PANDA National Helpline (Monday to Saturday) 1300 726 306

HomeArticlesPANDA’s National Perinatal Mental Health Helpline

PANDA’s National Perinatal Mental Health Helpline

We’re here to help expecting and new parents and their support people during the transition to parenthood.

Mum holding baby and on the phone

PANDA’s National Perinatal Mental Health Helpline is Australia’s only free national helpline for people affected by changes to their mental health and emotional wellbeing during the perinatal period. We support people throughout pregnancy up until their baby is 12 months old.

The Helpline is open:

  • 9am - 7:30pm Monday - Friday
  • 9am - 4pm on Saturdays and public holidays.

The Helpline provides a safe and confidential space for any expecting or new parent needing support with the challenges of becoming a parent.

We also speak to concerned support people who want information on caring for someone experiencing challenges during the transition to parenthood, including:

  • Partners
  • Family and friends
  • Health professionals

Many people in the Australian community don’t know about the signs and symptoms of perinatal anxiety and depression, or where to turn for support. The PANDA Helpline can help you identify what kind of care you need and where to find it.

Free counselling, support, information and referral

Our highly trained and caring counsellors help you work through your concerns by providing a safe, confidential space to talk openly and honestly about your thoughts, feelings and experiences.

We’re here to help you:

  • Make sense of what you or your loved one is experiencing during the transition to parenthood.
  • Identify your current coping skills and strengths as an expecting or new parent, or support person.
  • Explore a range of perinatal mental health and wellbeing care strategies.
  • Understand the support and treatment options available for expecting and new parents.
  • Link in with community-based perinatal supports in your area.

You don’t need to be experiencing a crisis to reach out to PANDA. We speak to callers about a broad range of issues that come up during pregnancy and early parenthood.

Some examples of what we often talk about on the Helpline are below, but please know that whatever’s on your mind, no matter what it is – we're here to listen and help.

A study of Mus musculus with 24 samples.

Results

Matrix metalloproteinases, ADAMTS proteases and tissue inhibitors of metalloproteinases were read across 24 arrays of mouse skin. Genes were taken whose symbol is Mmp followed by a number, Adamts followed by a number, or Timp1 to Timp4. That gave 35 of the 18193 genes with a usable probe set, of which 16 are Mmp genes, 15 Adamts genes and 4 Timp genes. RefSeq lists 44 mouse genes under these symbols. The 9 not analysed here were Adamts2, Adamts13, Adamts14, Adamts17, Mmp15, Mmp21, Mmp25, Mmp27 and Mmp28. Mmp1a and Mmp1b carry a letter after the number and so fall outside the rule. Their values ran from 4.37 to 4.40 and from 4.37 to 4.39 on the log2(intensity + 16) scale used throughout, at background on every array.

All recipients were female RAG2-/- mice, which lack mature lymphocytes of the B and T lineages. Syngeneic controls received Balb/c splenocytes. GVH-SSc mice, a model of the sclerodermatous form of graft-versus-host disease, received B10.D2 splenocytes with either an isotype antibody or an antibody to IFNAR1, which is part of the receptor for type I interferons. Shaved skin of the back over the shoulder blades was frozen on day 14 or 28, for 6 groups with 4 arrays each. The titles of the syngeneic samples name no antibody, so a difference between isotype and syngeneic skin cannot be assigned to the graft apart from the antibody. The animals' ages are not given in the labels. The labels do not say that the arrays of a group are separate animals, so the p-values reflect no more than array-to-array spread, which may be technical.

Common concerns people call PANDA about include:

  • Changes to mental health, emotional wellbeing, or daily function.
  • Bonding and attachment during pregnancy or with your baby.
  • Trying to process a pregnancy or birth that didn’t go as planned.
  • Parenting challenges.
  • Changes to self-identity and/or relationships.
  • Caring for someone else and wanting to know how you can best support them.

We encourage you to reach out to PANDA for support at any stage of your perinatal journey, and for any reason. We know you’re the expert in your own life, and we’re always guided by what you think you need for yourself and your family. Together, we’ll explore which support options might be most helpful.

Reaching out is the first step

If you’re experiencing changes to your mental health that are impacting your wellbeing, relationships and daily function, PANDA is here to support you. We know that the sooner you seek help, the more quickly you can recover.

Many people who feel like they need help may delay telling their loved ones and health professionals - or feel unsure about where to start looking for support.

It takes trust and courage to confide in someone that you’re having a hard time. Often callers tell us there’s lots of expectation they’ll be feeling joy and excitement at this time of life, when the reality is so different. Feelings of sadness, confusion, frustration and shame can make it hard to reach out and tell anyone you’re not coping in the way you’d hoped.

Some people are concerned about talking to health professionals (like their doctor or child and family health nurse) about what they’re experiencing as an expecting or new parent, for fear of judgement or their concerns being dismissed.

Having open and honest conversations about your mental health can feel overwhelming and difficult to do. Yet every day our callers tell us it’s such a relief to talk to someone who cares - and know that you no longer need to keep trying to manage everything on your own.

Taking that first step to tell someone you need support is the fastest route to recovery.

Our Helpline counsellors can help you work through any concerns you have - including talking to your loved ones and health professionals. Together we’ll explore ways to start having conversations about your mental health and emotional wellbeing with the people who care for you. We can also help you to link in with any additional supports you may need.


Becoming pregnant or having a baby can be both exciting and challenging. We hear from three families about how they experienced the upheaval of new parenthood.

PANDA National Helpline

Find someone to talk to, Monday to Saturday.

1300 726 306

Call 000 for police and ambulance if you or someone else are in immediate danger

Talk with friends or family

Consider talking about how you are feeling with someone you trust. This might be a friend or family member. Once you starting talking you might be surprised at how many others have had similar experiences and the support they can provide you.

Talk with your doctor

Talking with your doctor can be an important step to getting the help you need. They should be able to give you non-judgemental support, assessment, diagnosis, and ongoing care and treatment. They can also refer you to specialists such as a counsellor, psychologist or psychiatrist.

Get help now

If you are having suicidal thoughts or are feeling disorientated it’s important to get help immediately. PANDA is not a crisis service, if you need immediate support call Lifeline 13 11 14 (24/7).